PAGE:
Effective use of Telehealth Delivery in Supporting Children After Separation: Challenges and Solutions
Parental separation has become increasingly common in contemporary Australian society with the number of separated couples having grown since the onset of COVID-19 (Smyth et al, 2020). Children and young people who have been through family separation, especially where there has been a high level of conflict, are likely to experience a range of difficult emotions. This highlights the need for increased support to address children’s emotional well-being in this area. Moreover, COVID-19 has impacted service delivery for such children and with services having transitioned to telehealth for the better part of 2020 and 2021.
The Supporting Children After Separation Program (SCASP), delivered by Better Place Australia, provides counselling to children and young people, 5 to 18 years old from separated families. The program works directly with children to increase emotional intelligence and normalise their experience of family separation. Child focussed feedback is then provided to parents. The goal is to support separated families to develop emotional literacy, communication, regulation, and co-regulation skills for parents and children together by focusing on the child’s needs.
This presentation will explore the challenges SCASP practitioners have experienced in the transition to online counselling. Challenges have included assessing safety for telehealth sessions where high conflict is present as well as remotely navigating the dynamics of separated and blended families. It is important to then explore some solutions the program has discovered. For example, practitioners considered engaging in shorter sessions, adapting activities for use online and providing extra support to parents as well as other solutions.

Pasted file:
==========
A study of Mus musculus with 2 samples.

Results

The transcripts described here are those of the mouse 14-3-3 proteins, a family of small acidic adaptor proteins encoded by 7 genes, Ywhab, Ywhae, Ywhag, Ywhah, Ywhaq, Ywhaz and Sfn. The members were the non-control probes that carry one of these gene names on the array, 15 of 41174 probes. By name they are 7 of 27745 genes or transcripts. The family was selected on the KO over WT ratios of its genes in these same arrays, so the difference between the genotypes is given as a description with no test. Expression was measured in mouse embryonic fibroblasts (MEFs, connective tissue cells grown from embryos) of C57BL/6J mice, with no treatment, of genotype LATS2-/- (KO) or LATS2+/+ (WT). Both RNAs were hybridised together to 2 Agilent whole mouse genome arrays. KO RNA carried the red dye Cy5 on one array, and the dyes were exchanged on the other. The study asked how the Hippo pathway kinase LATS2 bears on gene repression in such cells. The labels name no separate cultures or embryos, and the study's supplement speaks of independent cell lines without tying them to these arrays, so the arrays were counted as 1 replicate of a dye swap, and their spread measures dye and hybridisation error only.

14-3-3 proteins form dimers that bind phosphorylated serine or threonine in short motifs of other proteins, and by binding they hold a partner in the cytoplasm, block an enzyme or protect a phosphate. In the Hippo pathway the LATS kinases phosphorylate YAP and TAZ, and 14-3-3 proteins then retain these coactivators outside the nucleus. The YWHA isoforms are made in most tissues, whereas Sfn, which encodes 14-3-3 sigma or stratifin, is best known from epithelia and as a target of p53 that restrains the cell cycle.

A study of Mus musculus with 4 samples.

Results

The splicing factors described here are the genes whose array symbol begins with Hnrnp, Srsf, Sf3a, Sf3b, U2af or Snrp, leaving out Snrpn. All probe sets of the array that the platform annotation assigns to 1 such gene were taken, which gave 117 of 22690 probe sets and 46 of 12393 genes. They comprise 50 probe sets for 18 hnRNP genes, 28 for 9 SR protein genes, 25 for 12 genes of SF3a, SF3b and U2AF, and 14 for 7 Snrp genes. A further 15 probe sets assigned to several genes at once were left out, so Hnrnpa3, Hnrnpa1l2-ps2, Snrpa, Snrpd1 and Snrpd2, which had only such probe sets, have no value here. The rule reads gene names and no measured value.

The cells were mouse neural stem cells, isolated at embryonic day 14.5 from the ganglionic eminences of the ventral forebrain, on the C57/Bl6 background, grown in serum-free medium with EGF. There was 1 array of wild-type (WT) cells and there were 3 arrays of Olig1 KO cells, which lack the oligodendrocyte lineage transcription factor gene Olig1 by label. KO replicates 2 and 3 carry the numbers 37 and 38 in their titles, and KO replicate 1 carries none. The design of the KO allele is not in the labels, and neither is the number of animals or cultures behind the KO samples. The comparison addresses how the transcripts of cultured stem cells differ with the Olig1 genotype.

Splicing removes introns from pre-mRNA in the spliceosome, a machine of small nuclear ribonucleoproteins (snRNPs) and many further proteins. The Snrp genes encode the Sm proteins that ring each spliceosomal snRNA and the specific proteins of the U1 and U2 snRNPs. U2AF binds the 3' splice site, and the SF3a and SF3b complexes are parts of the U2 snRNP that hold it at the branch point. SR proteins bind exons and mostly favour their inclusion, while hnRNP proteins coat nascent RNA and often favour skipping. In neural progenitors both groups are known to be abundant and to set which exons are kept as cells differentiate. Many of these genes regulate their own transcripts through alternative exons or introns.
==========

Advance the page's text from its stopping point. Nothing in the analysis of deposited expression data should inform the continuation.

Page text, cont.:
The presentation will aim to engage the audience by exploring two fictitious client case studies that represent the various emotional and developmental needs of children and young people who have engaged in telehealth counselling during the pandemic. This will include exploring some specific activities suitable for online counselling sessions as well as ways parents and children have been provided with support.
Since the inception of COVID-19, service delivery in the sector has changed greatly with the need to efficiently adapt to best meet the needs of families and children. Telehealth has shaped a different way of working into the future. This as an opportunity to continue to meet the needs of families in a wider or more accessible variety of ways.
Watch the webinar of this presentation:
Melanie Weinstock, a specialised child and youth counsellor, has over 9 years experience working with children and families. Melanie is passionate about working with children to increase emotional awareness and build emotional resilience and has a keen interest in the way family violence and separation impacts children and families. Melanie holds a Bachelor of Social Work, Graduate Diploma in Coaching and Counselling and is an accredited member of the Australian Counselling Association.
Josette Gardiner, Regional Services Manager for Mental Health Services at Better Place Australia, has over 8 years experience as a specialist child and youth counsellor. She has worked with families and children to help them harness their strengths to create positive change and better relationships. She has a particular interest in the physical, cognitive and emotional effects of grief and loss, the effects of trauma and a keen interest in the way family violence impacts families and children.